Self-contained APRS Tracker Comparisons

I’ve intended to do some comparisons between the APRS Tracker (Automatic Position Reporting System) options out there to decide which one I might purchase and use. APRS combines GPS receivers with ham radio transmitters to allow the user to broadcast their current speed, position, and altitude via radio. Other users receive those location packets and place them on the internet for easy mapping and data collection.

My primary uses would be for tracking my car and aircraft, as well as possible use for hiking, mountain bike riding, etc. Some day down the road it might be integrated in to high altitude balloons or radio controlled aircraft, etc.

So for most all of those applications, small size, light weight, low power consumption, and a simple package are the preferences. Currently I use a Kenwood TH-D7 with a Garmin GPS III+ when I need to do APRS. That ends up being a mess of wires by the time I’m done… so I’m hoping for something simpler, and preferably with a dedicated frequency agile 2M radio.

RPC Electronics RTrack APRS Tracker

The device that got me started on this search was seeing the recent release of the RPC Electronics RTrack tracker. Small size, good looking package, built in radio, programmable to have different profiles, smart beaconing, etc. This unit includes the 500mW Frequency Agile 2M transmitter, APRS Modem, and GPS, all for a price of $250 plus shipping.

Byonics MicroTrack 300 APRS Tracker

Next would be the Byonics MicroTrak devices. They have versions from 300 mW up to 10 Watts. Nice to have some options there! For aircraft use, I think the 300 mW would be just fine, but even with my TH-D7 putting out 5W, I know my APRS coverage in the car is pretty poor in my area, even with an external antenna. So maybe I should go with a higher power unit. Once of the nice things is you can add an amplifier to their lower power versions if you change your mind later. The costs for these vary between $105-$180 for the pre-built versions.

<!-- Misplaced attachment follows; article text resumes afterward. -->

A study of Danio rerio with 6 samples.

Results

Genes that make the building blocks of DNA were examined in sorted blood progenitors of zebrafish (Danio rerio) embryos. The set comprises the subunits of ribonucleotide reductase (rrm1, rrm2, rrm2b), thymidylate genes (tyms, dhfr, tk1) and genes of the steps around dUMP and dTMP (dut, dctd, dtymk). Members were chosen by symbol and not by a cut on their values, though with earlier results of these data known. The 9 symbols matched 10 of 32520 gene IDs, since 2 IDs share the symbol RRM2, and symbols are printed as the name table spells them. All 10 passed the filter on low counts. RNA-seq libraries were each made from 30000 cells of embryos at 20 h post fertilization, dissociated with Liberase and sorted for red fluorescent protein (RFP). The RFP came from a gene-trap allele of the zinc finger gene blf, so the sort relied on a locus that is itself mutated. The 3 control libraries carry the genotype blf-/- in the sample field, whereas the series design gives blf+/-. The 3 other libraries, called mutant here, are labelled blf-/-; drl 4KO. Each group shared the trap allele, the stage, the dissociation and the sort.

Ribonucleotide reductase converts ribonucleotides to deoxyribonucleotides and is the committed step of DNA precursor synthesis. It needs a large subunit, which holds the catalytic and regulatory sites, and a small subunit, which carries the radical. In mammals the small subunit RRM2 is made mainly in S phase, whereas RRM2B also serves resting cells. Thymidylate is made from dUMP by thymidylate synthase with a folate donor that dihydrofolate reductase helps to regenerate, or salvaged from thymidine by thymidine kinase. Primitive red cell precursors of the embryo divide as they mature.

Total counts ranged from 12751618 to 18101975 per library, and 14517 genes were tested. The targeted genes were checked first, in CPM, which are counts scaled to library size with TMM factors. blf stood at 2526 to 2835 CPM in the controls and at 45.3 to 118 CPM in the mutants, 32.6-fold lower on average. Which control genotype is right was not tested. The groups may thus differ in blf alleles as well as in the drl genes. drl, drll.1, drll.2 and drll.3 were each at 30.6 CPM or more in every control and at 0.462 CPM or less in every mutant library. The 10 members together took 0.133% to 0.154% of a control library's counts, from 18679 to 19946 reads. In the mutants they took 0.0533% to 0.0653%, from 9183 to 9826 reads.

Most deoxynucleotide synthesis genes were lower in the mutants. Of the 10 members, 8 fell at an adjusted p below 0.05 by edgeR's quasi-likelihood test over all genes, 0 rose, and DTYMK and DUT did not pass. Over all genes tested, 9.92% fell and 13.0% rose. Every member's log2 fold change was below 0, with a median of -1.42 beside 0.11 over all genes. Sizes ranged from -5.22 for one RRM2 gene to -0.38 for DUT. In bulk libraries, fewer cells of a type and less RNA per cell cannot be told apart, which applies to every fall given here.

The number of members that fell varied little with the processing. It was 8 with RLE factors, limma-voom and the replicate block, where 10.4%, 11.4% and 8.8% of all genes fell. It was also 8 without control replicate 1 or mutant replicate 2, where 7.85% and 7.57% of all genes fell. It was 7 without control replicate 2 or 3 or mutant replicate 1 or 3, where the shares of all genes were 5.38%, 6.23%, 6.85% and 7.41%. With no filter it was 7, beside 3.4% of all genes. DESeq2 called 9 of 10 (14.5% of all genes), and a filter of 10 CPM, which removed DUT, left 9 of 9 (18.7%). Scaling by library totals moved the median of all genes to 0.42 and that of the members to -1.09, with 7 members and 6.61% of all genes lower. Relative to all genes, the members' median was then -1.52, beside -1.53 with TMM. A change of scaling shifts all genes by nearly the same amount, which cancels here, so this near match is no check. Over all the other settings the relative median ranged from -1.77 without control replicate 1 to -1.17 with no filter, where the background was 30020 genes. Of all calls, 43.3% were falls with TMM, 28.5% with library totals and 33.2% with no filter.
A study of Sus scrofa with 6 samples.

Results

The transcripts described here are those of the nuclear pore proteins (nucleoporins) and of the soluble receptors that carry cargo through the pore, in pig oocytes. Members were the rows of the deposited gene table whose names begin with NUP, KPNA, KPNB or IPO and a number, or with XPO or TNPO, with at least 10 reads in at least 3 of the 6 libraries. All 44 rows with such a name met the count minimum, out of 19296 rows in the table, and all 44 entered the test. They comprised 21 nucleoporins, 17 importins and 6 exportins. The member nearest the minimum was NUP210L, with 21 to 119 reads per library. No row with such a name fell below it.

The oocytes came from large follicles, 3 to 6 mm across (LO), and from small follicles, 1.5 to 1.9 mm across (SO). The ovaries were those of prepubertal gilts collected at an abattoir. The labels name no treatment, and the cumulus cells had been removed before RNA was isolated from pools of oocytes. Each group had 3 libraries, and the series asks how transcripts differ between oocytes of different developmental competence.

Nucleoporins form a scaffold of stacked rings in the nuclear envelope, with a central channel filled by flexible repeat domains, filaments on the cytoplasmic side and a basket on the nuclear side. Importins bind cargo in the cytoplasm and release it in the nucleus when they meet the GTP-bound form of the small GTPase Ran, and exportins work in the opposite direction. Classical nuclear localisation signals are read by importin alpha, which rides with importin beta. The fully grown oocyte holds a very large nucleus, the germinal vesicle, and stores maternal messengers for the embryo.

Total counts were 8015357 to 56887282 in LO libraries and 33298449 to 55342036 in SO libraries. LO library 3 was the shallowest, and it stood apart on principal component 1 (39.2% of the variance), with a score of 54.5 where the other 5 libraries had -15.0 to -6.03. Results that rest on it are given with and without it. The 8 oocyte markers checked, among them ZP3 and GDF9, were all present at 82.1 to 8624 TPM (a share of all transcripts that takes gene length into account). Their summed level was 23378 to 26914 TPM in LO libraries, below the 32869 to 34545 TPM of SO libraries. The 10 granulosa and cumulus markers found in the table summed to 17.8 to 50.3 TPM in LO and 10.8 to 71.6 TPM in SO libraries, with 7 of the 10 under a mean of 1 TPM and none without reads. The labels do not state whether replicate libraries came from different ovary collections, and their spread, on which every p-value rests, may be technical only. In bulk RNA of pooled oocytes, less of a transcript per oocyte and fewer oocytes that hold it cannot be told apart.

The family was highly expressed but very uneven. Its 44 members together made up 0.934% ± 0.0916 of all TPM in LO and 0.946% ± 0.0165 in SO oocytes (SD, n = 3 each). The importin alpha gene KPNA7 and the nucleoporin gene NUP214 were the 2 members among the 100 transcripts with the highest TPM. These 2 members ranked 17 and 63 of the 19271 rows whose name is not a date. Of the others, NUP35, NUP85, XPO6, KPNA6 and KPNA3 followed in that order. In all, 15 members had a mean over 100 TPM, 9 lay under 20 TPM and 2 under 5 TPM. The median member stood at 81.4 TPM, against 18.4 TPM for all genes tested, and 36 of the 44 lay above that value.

Byonics GPS2

And with all of those, you’d need to add a GPS to the package such as the Byonics GPS1 or Byonics GPS2 for $56 or $69 respectively. So this places the least expensive operational unit at $161, and the range of units from $161-249.

For all of the units I’m initially comparing, I’m not yet looking at if they need antennas, extra power supplies or voltage regulators, batteries, etc. The MicroTrak does offer as an option a voltage regulator, the Micro-Volt 12 that will run from 12-24 volts, so that would be great for car and aircraft use.

I’m going to re-visit this post as I look further in to things, so check back here for updates. But at first glance… I like the simplicity and “sealed package” of the RTrack, everything is in the box. But if I built a box for the Byonics system, for approximately the same price I could have the option of 10 Watts. So it looks like I need to look further in to the differences between the TinyTrak3 features and the OpenTracker 1+ software and options. If I built a box for the Byonics I could include room for batteries.

Update 12/5/08

As I was checking out self contained trackers again recently I spotted a new option on the market.  It is the Byonics Micro-Track AIO (All In One).  It offers a transmit power of up to 10 watts, a built in GPS, and room for AA batteries right inside the box. This means you get more transmit power, and no need for external batteries.  Looks like a nice option and I’ll keep my eye on it in the future.